From the Jamestown Foundation.

The recently concluded eight-day Turkish military incursion into northern Iraq marks the beginning of a new phase in Turkey’s nearly 24 year-old struggle against the Kurdistan Workers’ Party (PKK). Despite the Turkish military’s claims to have inflicted high casualties and severe damage to the PKK’s infrastructure in the region, in the medium term the greatest impact of the operation is likely to be psychological.

The incursion was the first major Turkish ground operation into northern Iraq in over a decade and followed over two months of aerial bombardments of PKK camps and bases in the region. By launching a ground operation in winter, when most of the mountainous terrain was still deep in snow, the Turkish military forced the PKK onto the defensive by demonstrating that organization’s presence in northern Iraq is no longer immune to attack—whether by land or from the air—at any time of the year.

While it was initially believed Turkey entered Iraq with two heavy brigades composed of 10,000 troops, this was a diversion to confuse the PKK. The Turkish military diverted attention from the coming attack on the Zap region by bombing PKK positions around Avasin. Instead 1400 commandos were airlifted to Zap. Operations were extremely sussessful.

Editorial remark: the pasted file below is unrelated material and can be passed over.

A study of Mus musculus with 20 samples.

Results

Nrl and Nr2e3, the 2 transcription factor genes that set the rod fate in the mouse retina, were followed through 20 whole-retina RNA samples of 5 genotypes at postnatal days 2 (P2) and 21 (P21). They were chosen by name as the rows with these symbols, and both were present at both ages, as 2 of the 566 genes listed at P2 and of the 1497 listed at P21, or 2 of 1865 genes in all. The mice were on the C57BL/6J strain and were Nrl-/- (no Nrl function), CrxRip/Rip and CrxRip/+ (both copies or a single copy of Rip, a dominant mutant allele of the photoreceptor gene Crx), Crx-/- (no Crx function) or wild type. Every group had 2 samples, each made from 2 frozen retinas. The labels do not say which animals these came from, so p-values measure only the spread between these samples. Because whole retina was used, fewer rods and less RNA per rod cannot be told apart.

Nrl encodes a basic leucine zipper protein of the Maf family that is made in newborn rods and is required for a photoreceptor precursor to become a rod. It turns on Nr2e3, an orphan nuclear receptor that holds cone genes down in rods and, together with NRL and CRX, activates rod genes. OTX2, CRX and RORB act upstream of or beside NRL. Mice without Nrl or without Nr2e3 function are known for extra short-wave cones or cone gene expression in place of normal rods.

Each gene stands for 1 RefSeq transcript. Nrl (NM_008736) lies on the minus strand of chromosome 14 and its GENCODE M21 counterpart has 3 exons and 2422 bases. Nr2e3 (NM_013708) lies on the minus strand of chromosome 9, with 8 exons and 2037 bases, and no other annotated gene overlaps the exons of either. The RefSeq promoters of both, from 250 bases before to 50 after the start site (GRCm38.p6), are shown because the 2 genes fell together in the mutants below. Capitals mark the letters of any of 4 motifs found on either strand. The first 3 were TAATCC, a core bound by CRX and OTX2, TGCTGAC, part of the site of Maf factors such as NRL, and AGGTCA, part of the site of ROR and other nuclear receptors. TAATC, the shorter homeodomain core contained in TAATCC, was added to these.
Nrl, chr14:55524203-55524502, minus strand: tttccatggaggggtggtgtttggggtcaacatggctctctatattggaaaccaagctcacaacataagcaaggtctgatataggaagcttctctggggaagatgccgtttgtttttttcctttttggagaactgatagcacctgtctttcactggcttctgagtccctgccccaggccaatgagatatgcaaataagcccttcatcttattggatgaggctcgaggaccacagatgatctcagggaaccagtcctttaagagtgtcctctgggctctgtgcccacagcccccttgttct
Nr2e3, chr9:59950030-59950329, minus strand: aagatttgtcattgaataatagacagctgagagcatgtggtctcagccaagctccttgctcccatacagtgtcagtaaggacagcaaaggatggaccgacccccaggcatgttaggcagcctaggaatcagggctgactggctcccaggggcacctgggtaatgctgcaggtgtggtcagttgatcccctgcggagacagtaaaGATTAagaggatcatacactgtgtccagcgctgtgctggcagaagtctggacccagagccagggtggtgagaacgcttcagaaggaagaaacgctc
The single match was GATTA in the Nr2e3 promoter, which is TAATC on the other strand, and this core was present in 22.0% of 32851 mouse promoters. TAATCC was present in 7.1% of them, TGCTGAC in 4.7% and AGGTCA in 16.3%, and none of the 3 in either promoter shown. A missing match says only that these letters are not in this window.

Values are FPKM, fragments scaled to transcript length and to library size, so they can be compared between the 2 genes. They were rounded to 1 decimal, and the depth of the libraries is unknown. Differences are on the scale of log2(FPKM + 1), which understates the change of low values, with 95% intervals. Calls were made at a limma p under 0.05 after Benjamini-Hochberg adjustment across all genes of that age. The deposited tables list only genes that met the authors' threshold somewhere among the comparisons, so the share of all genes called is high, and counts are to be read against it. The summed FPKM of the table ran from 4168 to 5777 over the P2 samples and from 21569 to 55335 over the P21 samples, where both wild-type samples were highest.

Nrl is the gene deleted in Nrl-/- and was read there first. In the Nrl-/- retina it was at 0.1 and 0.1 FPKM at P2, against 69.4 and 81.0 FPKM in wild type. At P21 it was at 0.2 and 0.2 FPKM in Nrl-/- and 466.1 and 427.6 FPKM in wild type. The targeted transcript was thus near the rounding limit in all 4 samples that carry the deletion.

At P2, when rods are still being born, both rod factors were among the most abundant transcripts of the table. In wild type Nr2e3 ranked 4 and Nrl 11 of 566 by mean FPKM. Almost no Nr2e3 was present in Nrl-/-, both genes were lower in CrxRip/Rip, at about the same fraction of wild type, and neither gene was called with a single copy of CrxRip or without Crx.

Buyukanit said that intelligence reports indicated that around 300 PKK militants were located in the Zap region immediately prior to the incursion. He claimed that during the eight days of the operation the Turkish military had killed 240 of the militants, mostly during night attacks. On the Turkish side, 24 soldiers and three members of the Village Guards militia are reported to have died. Buyukanit also said that, in addition to the element of surprise, one of the reasons for the TGS’s decision to launch the attack in winter was that the snow made it very difficult for the PKK to use its stocks of explosives. According to the general, ground and air attacks resulted in the partial or total destruction of 126 caves, 290 shelters, 12 command centers, six training centers, 23 logistical facilities, 29 signals and communications facilities, 40 trenches and 59 anti-aircraft emplacements (Hurriyet, Sabah, Milliyet, Radikal, March 4); the figures have not been independently confirmed. The TGS has not released information on the quantities of arms and logistical supplies seized or destroyed during the operation.